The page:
Appalachian State University has been recognized for providing its students with the most “bang for their bucks” among southern regional universities.
Appalachian State’s recognition for its efficiency came from the U.S. News & World Report’s new list of “Highly Ranked Universities that Operate Efficiently.”
Appalachian is listed second among the 134 regional universities in the South. James Madison University was ranked first on the list, and the University of Mary Washington, the College of Charleston and Belmont University were ranked third, fourth, and fifth respectively.
According to the magazine, this list shows which schools are able to produce the highest quality of education (as determined by their place in the magazine’s 2013 “best colleges” rankings), but spend relatively less money to achieve that high quality.
“Schools that are featured on this list are doing a good job in managing their financial resources relative to other schools that may have larger state funding, higher tuition, or larger endowments. Many of these schools are likely to be more affordable in terms of tuition relative to others in their ranking category, since almost all of them are public universities,” read the magazines report.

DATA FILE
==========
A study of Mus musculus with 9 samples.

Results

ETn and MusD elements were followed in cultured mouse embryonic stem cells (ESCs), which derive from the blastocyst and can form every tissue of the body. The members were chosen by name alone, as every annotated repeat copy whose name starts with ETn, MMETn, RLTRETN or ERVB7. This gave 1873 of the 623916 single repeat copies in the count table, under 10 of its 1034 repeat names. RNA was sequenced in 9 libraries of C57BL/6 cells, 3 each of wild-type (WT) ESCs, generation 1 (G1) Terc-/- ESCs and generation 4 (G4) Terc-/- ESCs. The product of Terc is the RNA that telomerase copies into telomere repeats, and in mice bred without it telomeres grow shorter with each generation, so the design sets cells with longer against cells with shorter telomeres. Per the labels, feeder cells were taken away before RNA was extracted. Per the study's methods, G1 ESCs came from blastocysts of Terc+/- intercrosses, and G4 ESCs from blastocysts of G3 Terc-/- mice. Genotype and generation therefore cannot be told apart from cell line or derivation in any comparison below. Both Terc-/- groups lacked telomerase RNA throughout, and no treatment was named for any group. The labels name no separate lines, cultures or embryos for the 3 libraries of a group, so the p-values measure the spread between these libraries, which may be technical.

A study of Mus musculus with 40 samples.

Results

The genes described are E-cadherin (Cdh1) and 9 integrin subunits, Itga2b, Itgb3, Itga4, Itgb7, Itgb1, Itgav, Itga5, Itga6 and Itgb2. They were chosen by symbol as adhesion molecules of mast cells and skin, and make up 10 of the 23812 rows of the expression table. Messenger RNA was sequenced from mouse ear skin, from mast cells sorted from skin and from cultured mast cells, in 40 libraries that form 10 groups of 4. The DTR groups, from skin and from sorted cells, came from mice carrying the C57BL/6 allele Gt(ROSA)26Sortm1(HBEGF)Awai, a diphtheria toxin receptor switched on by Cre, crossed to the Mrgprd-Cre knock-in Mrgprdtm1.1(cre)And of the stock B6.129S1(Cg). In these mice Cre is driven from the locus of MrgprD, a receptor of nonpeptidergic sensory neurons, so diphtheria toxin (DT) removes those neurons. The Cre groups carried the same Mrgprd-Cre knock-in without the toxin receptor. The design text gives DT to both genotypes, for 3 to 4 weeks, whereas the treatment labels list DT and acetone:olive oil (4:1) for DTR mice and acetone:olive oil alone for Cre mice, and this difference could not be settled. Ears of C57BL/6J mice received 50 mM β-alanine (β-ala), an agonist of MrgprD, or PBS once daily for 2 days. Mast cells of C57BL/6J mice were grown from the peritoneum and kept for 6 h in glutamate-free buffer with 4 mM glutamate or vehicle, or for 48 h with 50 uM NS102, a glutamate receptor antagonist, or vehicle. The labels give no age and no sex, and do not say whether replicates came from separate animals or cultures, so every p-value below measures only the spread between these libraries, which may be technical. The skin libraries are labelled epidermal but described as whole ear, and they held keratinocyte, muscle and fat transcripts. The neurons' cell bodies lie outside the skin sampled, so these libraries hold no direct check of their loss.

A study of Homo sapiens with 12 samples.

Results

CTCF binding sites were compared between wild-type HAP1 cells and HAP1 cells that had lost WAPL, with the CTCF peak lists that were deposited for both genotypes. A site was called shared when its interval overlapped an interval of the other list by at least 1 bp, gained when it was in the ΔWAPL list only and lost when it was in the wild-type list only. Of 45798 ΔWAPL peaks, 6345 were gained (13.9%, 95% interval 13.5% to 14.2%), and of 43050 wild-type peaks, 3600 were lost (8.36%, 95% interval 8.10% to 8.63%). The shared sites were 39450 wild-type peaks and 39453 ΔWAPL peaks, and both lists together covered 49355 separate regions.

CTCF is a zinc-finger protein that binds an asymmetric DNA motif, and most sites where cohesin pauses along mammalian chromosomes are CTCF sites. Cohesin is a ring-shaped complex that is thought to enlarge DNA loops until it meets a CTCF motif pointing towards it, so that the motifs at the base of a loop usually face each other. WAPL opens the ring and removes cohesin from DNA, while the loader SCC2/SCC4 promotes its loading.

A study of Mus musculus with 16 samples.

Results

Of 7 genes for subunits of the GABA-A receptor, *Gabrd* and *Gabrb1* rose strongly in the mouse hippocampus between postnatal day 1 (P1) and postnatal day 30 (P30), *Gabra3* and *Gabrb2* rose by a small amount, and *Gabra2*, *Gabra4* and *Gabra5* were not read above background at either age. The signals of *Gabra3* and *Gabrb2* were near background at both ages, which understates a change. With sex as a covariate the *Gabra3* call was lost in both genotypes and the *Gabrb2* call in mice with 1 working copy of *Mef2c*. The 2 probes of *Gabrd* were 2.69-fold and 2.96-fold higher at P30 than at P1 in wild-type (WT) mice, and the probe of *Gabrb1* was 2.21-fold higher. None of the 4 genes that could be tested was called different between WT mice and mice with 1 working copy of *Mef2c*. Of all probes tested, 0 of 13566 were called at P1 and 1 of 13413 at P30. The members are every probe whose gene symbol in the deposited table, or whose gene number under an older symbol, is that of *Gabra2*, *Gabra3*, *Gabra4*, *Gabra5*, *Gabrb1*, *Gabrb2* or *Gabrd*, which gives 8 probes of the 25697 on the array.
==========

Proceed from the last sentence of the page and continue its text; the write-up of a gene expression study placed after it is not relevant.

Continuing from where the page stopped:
According to the magazine’s methodology, Appalachian spends $13,576 per student.
That low cost-per-student rate, divided by ASU’s rank as the 10th best southern regional university, allowed Appalachian State the honor of being named second among its competition in efficiency.
“The less a school is spending relative to its ranking, the more efficient it is in producing a quality education among its peers,” said the report.
This rank only means Appalachian State performed well against schools in the same “weight class” because the U.S. News and Report separated “national universities” from “regional universities.”
According to the U.S. News and Report, national universities are large college systems that include several doctoral programs, like Duke University or UNC Chapel Hill. Regional universities are colleges with a broader scope of undergraduate degrees but few, if any, doctoral programs.
This means Appalachian State did not compete against larger colleges, like Duke University, which ranked eighth on the magazine’s list among national universities.
Furthermore, the regional universities were divided into four different regions: north, south, midwest, and west.
Appalachian was placed in the southern region, which includes all of the regional universities in North Carolina, South Carolina, Virginia, West Virginia, Kentucky, Tennessee, Georgia, Florida, Alabama, Mississippi, Louisiana and Arkansas.